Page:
Monday, September 17, 2007

wilderness survival

A youth struggling to survive in the wilderness makes for compelling reading, and "Touching Spirit Bear," by Ben Mikaelsen, 2001, is another addition to the genre, with an interesting twist. The wilderness struggle is set up as a juvenile justice experiment. This sort of rehabilitation has been applied in Native American justice, and in this MG/YA novel it is portrayed as being tried for a non-Native American youth offender in Minnesota.

Cole, a violent tempered high school student has badly mauled a classmate in a fight. A chance to avert a jail sentence is offered to him by an experimental Circle Justice council brought in by the court. The Council offers Cole a chance to spend a year in isolation on a deserted island, somewhere in Minnesota, as a means of promoting justice and healing for the criminal offender, the victim, and the community. Cole is interested only in escaping a prison sentence and accepts, though inwardly mocking those trying to help him. While on the island, he destroys the shelter and food he was provided with, and tries to escape, but fails. His rage is directed at a white bear that ventures near his camp, a bear known to Indians in the region as the spirit bear, and he is badly mauled by the bear. After he is found by his Tlingit Indian supervisor who visits the island periodically, he is nursed back to health and elects to return to the island to try and complete his trial. The story is interesting, with compelling wilderness aspects, but the character of Cole, the violent young boy who was beaten by his alcoholic father while growing up, and the father, was a bit flat and stereotypical, though believable.

Monday, September 10, 2007

place in fiction

In my MFA program, I wrote a thesis on the use of place as a literary device in stories. Place can play an important role in stories, sometimes almost as great a role as the characters that populate a story. It can be a character. I was reminded of this in reading an article titled "The Mushroom Hunters," by Burkhard Bilger, in the New Yorker (8/20/07). The rain soaked forest habitat of the secretive mushrooms makes for just such a character.

Picking for the market began in about the Seventies, in the National Forests of Washington and Oregon, and was mostly done by locals who kept their patches secret. However, mushroom hunting exploded beginning in the Nineties. The pickers in the referenced article lived in a roughshod, primitive campground, and were roughly divided into ethnic groups—Hmong, Mien, Cambodian, Laotian, Mexican, and Caucasian. Most of the pickers were Asian. Matsutake mushrooms may sell for up to one hundred and sixty dollars a pound, and though a highly experienced picker might find up to seventy-five pounds in a day, an experienced Cambodian couple together averaged less than twenty-five pounds a day. In six weeks they earned ten thousand dollars. The work can be arduous and pickers search for the mushrooms from sunup till sundown. One needs a sort of sixth sense, because the mushrooms usually lie hidden beneath a carpet of pine duff on the forest floor. Pickers are very clannish and each group is suspicious of any other group. The atmosphere in the camps can be a bit like the old Forty-Niner gold miners, with guns fired in the air during evening celebrations in camp. Pickers also fire guns in the deep forest to keep up a contact with each other and avoid getting lost. There's a story hidden in the sort of place described, and waiting to be populated with other characters.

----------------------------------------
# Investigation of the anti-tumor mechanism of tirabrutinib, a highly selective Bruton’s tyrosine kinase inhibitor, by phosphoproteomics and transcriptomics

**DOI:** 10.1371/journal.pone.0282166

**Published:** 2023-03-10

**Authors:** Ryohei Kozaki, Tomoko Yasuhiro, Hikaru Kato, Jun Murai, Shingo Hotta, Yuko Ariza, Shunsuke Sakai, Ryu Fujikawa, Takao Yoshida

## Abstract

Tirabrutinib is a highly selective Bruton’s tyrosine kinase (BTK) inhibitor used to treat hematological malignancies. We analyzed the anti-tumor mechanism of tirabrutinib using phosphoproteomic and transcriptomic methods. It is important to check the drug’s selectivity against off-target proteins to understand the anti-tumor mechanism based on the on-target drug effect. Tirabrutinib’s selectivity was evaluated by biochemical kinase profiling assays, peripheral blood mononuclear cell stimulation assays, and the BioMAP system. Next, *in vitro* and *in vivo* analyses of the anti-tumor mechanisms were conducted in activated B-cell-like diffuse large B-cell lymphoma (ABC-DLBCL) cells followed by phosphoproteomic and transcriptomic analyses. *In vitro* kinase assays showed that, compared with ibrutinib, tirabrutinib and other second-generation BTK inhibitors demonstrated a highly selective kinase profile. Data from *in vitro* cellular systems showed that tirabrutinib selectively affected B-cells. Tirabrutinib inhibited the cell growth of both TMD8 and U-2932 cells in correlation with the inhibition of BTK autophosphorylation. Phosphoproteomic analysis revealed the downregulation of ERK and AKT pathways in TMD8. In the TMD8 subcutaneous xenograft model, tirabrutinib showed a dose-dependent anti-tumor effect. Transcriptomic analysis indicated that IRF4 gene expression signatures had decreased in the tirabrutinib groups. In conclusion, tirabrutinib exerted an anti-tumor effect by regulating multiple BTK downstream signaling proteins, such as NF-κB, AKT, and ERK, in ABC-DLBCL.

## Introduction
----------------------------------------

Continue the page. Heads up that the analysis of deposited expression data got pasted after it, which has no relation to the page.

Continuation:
David Guterson populated such a mushroom world with his own unique characters, in his novel, "Our Lady of the Forest," published in 2003. A frail young woman ekes out a marginal living hunting mushrooms in a National Forest in Washington. She has visions of the Virgin Mary appear to her in the deep forest, and when word gets out, people drive from all over seeking to witness the apparitions. Crowds follow her through the forest on her daily workday. A priest is dispatched by the Catholic Church to investigate the authenticity of the apparitions. It was an engrossing story and showed the power of place in the fictional world that Guterson constructed.